S&W Model 15
S&W Model 15 by Pat Cascio – Survival Blog
We are continuing to followup on the many requests for more revolver articles from our readers, and we are more than happy to comply. As I pointed out in previous articles, there are some shooters who believe that the “old” revolver isn’t a viable option for self-defense work, and I couldn’t disagree more. Now, we aren’t necessarily talking about a SWAT team clearing a building of an active shooter or a terrorist. We are talking about everyday people who carry concealed or want a home defense handgun, and for whom the revolver might just be the perfect answer.
In 1980 or 1981, I traded a customer in my gun shop out of a S&W Model 15; it’s also called the K-38 Combat Masterpiece. This was my first exposure to this particular model in a full-sized service revolver, and the gun was for my own personal use. Over the years, I’ve owned quite a few revolvers, from S&W, Colt, Ruger, and other gun makers. Most were snubby revolvers, as I carried those guns doing Private Investigative work. The Model 15 that I traded into didn’t have the skimpy small wood grips that came on most models; instead, it had a nice pair of custom-made, hand-filling grips. I don’t know who made those grips, but they fit my hand perfectly.
A quick run down on the Model 15 is in order, before reporting any further. This model holds six rounds of .38 Spl in the cylinder, and it is usually found with a 4-inch barrel; however, there were some 2-inch barreled guns. You’ll usually encounter a Model 15 with a 4-inch barrel. Many police departments, back in the 1960s and into the 1970s, carried this model of gun. The gun comes with a fully adjustable rear sight, for windage and elevation, and early models had a plain black, ramped front sight. The frame is called the “K” frame and is a medium-sized frame. The “J” is a small frame, and the “L” and “N” frames are bigger. The Model 15 is a double-action/single-action revolver, and you can fire the gun by simply pulling the trigger or cocking the hammer for a crisp and lighter trigger pull. Many police departments removed the hammer spur, so the guns could only be fire in the double-action mode. There were liability concerns, ya know.
Weight on the Model 15, with the 4-inch barrel, is right around 34 oz, which is just about perfect, if you ask me. It’s not too heavy and not too light. The standard finish was a nice shinny blue, and the gun was right pretty if you ask me. The trigger is grooved, and I prefer a smooth faced trigger. It is easily corrected by any competent gunsmith. I never cared for the checkered walnut service stocks/grips; they were and are too skimpy for a good grip on the gun for the most accuracy you can wring out of it. The barrel is a medium thickness, and the entire gun just is about perfect in many respects.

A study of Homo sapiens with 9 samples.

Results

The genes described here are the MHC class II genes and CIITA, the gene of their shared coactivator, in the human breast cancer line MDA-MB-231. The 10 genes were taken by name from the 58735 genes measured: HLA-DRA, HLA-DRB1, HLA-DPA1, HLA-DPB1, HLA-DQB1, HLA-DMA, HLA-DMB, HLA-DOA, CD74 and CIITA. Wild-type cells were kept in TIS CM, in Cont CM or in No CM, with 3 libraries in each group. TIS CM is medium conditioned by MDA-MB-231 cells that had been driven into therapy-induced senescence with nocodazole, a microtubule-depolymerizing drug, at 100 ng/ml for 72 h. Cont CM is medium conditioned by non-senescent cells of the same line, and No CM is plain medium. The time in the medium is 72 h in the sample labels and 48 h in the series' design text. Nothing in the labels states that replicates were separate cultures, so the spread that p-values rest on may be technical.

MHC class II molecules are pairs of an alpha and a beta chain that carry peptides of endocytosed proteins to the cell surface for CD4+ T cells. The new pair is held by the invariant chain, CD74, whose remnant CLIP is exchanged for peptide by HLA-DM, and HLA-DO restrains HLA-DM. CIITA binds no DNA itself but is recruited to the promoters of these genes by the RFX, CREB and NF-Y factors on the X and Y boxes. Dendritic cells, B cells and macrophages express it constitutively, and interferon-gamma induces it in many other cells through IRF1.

I know, I know. I can hear the detractors already saying, “It only holds 6-rds.” That’s true; however, you can reload the gun in a few seconds, using speed loaders from HKS, and if you have expended 6-rds and there is still a threat, you should be behind cover and reload from there. We don’t stand toe-to-toe and keep firing. We should always seek cover whenever possible. So, remember to keep a spare speed loader or two on your person if carrying a revolver, or if this is a house gun, have at least one spare speed loader on hand. Let’s get back to my first full-sized Model 15. Hands down, it was without question the most accurate revolver I ever shot. It didn’t matter what kind of ammo I was using, the gun would easily shoot 2-inch groups at 25 yards, if I did my part. The custom-made, grooved wooden stocks really helped in the accuracy department. They were smooth, not checkered; however, it had finger grooves. To this day, I regret no longer having that gun. I must have sold or traded it, and I honestly don’t remember.
In 1974, I ran across a S&W Model 15 with a 2-inch barrel. It was nickel plated, and I carried it for the longest time in a Safariland upside down shoulder holster. It was a super-accurate revolver, considering it was a snubby model. I’m still trying to find one just like it. My local gun shop has standing orders, if they find one at a gun show to buy it for me. I understand that this model, with the 2-inch barrel and nickel finish, is extremely rare these days.